We waited for it, and now its finally here - the Apple Watch! Not called the iWatch as previously expected, the device is nonetheless hugely revolutionary. From its customized metal straps, to its gently curved rectangular face, all the way to the unique UI, the Apple Watch is something that the company has clearly spent a huge amount of time perfecting.
In terms of form, the iWatch is a roughly rectangular smartwatch, which curves at its corners. In addition the screen itself is made of gently curving sapphire crystal Retina display, which bends away towards the edges of the watch face. The body of the watch is again made of curving metal, which in many ways resembles the form factor of the original iPhones. On the back of the device is sensor array which presumably will measure health metrics.
In terms of controls, the right side of the device features a unique control knob which Apple refers to as a ‘Digital Crown’ made to superficially resemble the adjustment knob of a mechanical watch. Below this is a second physical button which activates other software features. The phone’s screen itself can be interacted with through multi touch gestures, and will sense when it is moved, and activate.
The device will come in 2 separate sizes, one large, and one small, evidently aimed at male and female users. In addition, the watch will be available as part of three separate collections: standard, Sport, and Edition. These are largely differentiated by the housing and band material used in the watch. The standard collection will feature a silvery body finish with the option for either leather or metal bands, the sport collection features a more rubbery fluro look, while the ‘Edition’ collection has a luxury look, with a body made from 18 carat gold.
Hardware-wise, the watch will run off a fully integrated S1 processor chip, while also featuring an actuator which allows the device to utilise haptic feedback. In addition, the watch feature in built GPS and heart rate monitor, as well as an accelerometer which presumably can double as a pedometer.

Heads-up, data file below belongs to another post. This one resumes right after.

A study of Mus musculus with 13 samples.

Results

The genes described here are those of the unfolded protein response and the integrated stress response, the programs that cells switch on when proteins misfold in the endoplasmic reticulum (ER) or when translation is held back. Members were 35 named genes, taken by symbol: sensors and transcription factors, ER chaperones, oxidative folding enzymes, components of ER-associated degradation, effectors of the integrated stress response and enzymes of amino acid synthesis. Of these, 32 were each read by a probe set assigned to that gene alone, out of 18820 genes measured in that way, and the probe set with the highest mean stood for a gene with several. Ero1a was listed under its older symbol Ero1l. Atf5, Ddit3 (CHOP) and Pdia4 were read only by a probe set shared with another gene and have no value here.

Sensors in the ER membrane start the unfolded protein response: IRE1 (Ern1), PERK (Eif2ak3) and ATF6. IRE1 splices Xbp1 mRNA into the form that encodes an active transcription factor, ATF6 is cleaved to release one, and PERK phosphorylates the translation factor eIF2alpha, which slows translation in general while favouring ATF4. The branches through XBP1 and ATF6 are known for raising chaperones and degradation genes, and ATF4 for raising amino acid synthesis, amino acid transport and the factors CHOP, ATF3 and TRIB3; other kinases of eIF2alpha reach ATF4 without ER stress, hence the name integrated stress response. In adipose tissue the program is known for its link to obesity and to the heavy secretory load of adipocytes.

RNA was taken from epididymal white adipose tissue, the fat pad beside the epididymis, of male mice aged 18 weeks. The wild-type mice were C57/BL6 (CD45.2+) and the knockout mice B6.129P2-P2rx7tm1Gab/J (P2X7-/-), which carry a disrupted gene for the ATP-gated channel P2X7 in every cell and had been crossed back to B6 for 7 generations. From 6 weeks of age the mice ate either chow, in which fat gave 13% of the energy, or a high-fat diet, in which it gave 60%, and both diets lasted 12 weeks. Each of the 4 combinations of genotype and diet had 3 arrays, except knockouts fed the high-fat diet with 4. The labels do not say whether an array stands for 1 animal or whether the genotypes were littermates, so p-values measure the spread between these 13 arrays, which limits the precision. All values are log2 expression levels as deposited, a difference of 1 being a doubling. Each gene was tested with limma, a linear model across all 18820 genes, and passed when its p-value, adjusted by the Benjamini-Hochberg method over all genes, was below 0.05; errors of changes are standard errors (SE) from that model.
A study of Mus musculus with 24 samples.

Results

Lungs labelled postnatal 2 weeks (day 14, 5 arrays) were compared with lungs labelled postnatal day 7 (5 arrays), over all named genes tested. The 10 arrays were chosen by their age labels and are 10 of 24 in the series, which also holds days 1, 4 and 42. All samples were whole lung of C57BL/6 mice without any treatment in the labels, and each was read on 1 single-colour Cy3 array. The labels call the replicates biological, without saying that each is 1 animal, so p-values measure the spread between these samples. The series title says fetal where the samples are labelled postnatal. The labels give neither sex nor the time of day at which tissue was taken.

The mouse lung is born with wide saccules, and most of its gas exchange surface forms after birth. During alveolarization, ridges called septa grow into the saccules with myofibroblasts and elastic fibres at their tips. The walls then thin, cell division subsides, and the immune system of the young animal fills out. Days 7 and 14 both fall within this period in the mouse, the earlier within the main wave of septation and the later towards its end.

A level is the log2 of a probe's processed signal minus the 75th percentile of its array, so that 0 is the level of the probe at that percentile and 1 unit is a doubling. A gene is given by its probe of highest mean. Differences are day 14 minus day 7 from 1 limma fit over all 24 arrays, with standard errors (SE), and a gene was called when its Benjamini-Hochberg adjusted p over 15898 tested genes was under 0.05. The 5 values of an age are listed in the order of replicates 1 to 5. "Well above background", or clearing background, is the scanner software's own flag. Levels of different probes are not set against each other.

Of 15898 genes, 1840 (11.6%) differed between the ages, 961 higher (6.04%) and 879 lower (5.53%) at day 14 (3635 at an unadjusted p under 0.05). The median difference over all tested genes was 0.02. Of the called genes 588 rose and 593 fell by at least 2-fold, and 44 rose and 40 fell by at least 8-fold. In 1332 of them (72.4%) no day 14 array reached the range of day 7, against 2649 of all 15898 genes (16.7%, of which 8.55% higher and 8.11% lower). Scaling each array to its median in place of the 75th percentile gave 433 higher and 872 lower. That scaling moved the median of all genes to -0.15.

In terms of software, Apple has taken pains to create a UI which is easy to use despite the watch’s small screen. As well as using multi-touch gestures, the watch also utilised the Digital Crown on the side of the device to allow controls such as scrolling and zooming, while at the same time doubling as home key when depressed. In addition, the button below it allows a user easy access to their recent contacts. Apps in the new UI are displayed as a collection of bubble-like round icons which can be zoom in on when the watch is integrated with.
Furthermore, the watch features a wide variety of digital faces which can take the form of futuristic space-scapes all the way to more traditional watch face designs. Apple also integrated voice controls through Siri, and a compressed information interface called ‘Glances’ similar to Google’s Android Wear information cards.
Clearly, the Apple Watch brings a lot to the table, but the question remains, come start of new year, will people decide it is good enough to be worth the $350 price tag?